Sometimes when I can't think of a better phrase, "Let's run it up the flagpole" comes out by accident.  Dang it!  If certain office jargon gets on our nerves, why do we still use it?

It's a reflex, apparently.  We've heard some words and phrases so many times that we can't help but use them too, even if better ones are out there.

There's nothing inherently wrong with most office catchphrases.  Someone really creative must have come up with these phrases and used them for the first time because they wanted to add a spark.  And the phrases caught on because they were kinda cool, but now they've made the rounds so much we've grown tired of them.

Verizon Business did a survey to see what corporate jargon resonates with people and what terms people would rather ditch.  This is what they came up with.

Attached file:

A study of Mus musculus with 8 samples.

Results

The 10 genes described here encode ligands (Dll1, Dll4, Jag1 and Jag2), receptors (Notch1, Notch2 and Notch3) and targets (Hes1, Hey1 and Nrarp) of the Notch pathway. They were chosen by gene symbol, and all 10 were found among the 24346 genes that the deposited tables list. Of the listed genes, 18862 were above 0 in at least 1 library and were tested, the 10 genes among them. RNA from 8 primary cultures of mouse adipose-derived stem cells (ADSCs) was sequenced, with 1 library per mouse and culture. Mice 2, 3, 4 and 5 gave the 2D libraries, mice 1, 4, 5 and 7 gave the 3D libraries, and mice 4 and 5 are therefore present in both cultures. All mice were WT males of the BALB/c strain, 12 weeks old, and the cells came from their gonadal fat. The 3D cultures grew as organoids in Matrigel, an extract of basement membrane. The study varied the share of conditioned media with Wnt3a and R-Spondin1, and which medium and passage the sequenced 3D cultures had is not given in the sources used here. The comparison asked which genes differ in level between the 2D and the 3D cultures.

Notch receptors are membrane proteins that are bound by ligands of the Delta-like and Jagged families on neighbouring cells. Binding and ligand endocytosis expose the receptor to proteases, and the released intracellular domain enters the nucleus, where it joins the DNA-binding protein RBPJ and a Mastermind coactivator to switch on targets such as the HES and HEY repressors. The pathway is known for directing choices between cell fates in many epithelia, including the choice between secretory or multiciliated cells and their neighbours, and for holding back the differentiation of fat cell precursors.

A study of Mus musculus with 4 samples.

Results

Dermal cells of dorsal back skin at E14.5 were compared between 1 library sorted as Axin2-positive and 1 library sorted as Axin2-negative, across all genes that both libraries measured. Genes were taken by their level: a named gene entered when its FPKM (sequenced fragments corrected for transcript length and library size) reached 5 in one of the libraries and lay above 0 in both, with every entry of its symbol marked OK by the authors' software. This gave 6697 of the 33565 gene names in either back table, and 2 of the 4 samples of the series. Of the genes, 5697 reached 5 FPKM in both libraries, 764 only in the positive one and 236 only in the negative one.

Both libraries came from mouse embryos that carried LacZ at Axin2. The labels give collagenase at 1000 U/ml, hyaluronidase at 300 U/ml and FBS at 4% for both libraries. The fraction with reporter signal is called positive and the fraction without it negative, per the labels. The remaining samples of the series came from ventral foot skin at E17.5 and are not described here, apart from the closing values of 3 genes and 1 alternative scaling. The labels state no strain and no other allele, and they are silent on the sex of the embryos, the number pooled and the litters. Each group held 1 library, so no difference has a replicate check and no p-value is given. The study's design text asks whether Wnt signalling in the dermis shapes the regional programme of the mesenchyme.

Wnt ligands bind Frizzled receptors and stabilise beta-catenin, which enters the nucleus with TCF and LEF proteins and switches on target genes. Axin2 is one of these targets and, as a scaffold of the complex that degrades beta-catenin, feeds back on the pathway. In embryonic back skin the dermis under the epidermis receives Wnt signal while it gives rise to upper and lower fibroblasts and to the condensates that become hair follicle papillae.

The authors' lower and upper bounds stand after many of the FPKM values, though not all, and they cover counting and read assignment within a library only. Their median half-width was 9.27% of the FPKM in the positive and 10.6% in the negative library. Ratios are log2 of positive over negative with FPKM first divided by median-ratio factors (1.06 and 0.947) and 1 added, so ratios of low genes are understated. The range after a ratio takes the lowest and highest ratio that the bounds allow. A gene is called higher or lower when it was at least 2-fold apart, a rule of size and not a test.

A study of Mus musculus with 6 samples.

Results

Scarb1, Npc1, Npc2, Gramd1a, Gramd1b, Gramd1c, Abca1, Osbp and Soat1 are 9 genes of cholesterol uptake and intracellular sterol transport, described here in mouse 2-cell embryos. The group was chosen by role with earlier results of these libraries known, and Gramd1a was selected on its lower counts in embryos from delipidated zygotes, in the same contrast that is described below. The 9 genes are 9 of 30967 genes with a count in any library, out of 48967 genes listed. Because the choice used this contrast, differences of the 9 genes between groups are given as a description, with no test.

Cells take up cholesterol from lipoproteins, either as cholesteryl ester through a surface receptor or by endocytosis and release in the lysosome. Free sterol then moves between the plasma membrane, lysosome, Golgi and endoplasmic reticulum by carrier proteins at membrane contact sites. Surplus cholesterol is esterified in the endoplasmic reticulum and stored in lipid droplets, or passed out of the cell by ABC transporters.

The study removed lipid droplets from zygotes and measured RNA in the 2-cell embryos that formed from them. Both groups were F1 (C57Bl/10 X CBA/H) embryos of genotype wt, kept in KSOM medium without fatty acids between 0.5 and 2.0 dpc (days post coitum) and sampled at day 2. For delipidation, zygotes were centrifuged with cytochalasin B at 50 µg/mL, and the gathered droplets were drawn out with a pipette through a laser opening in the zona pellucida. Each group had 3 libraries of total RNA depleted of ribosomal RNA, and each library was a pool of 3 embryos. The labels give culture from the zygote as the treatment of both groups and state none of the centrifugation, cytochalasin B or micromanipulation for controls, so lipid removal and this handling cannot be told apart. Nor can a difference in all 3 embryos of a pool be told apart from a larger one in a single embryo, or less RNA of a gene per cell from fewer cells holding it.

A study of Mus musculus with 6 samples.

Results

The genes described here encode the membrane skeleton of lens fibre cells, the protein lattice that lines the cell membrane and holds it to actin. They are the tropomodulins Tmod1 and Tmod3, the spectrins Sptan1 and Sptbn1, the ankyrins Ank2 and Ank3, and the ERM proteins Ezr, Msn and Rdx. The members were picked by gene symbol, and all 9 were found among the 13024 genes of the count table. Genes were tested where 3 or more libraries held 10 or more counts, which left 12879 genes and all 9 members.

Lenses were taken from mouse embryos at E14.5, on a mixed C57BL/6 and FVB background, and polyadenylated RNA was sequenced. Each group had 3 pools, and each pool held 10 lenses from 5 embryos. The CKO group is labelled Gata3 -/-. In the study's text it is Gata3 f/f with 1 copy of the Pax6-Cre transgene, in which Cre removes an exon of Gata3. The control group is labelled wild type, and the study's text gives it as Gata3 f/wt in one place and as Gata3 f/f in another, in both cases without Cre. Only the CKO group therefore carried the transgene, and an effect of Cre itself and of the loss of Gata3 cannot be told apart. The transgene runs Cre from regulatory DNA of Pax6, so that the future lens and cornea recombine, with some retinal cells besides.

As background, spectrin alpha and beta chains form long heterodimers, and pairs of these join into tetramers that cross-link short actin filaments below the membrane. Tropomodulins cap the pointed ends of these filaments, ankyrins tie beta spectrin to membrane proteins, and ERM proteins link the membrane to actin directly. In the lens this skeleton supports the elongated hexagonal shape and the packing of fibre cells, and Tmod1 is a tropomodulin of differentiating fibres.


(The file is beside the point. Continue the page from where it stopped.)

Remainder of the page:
The most-favored office jargon:

Big picture
All hands on deck
Bring to the table
Go all in

The least-favored office jargon:

Analysis paralysis
I'll ping you
I'll run that up the flag pole
Boil an ocean
Behind the 8 ball

Have you ever uttered the phrase "Boil and ocean" in your life?  I have not, but this kind of makes me want to start working it in.  The most common way to say it is, "Let's not boil an ocean," meaning let's not make things too complicated, or take steps that aren't necessary and get in over our heads.  I might try it out on the kids later today and see if they're annoyed.

A lot of us who don't like a phrase will still use it. The survey found about 25% of people who said they disliked the phrase "analysis paralysis" still say it.  Sometimes these phrases get stuck in our minds and they're the first to float to the surface even when we don't want them to.  Maybe more coffee will help.

Is there another phrase around the office that annoys you?  If you've got one, email it to me and I'll "run it up the flag pole" for ya.  I bet you're not alone.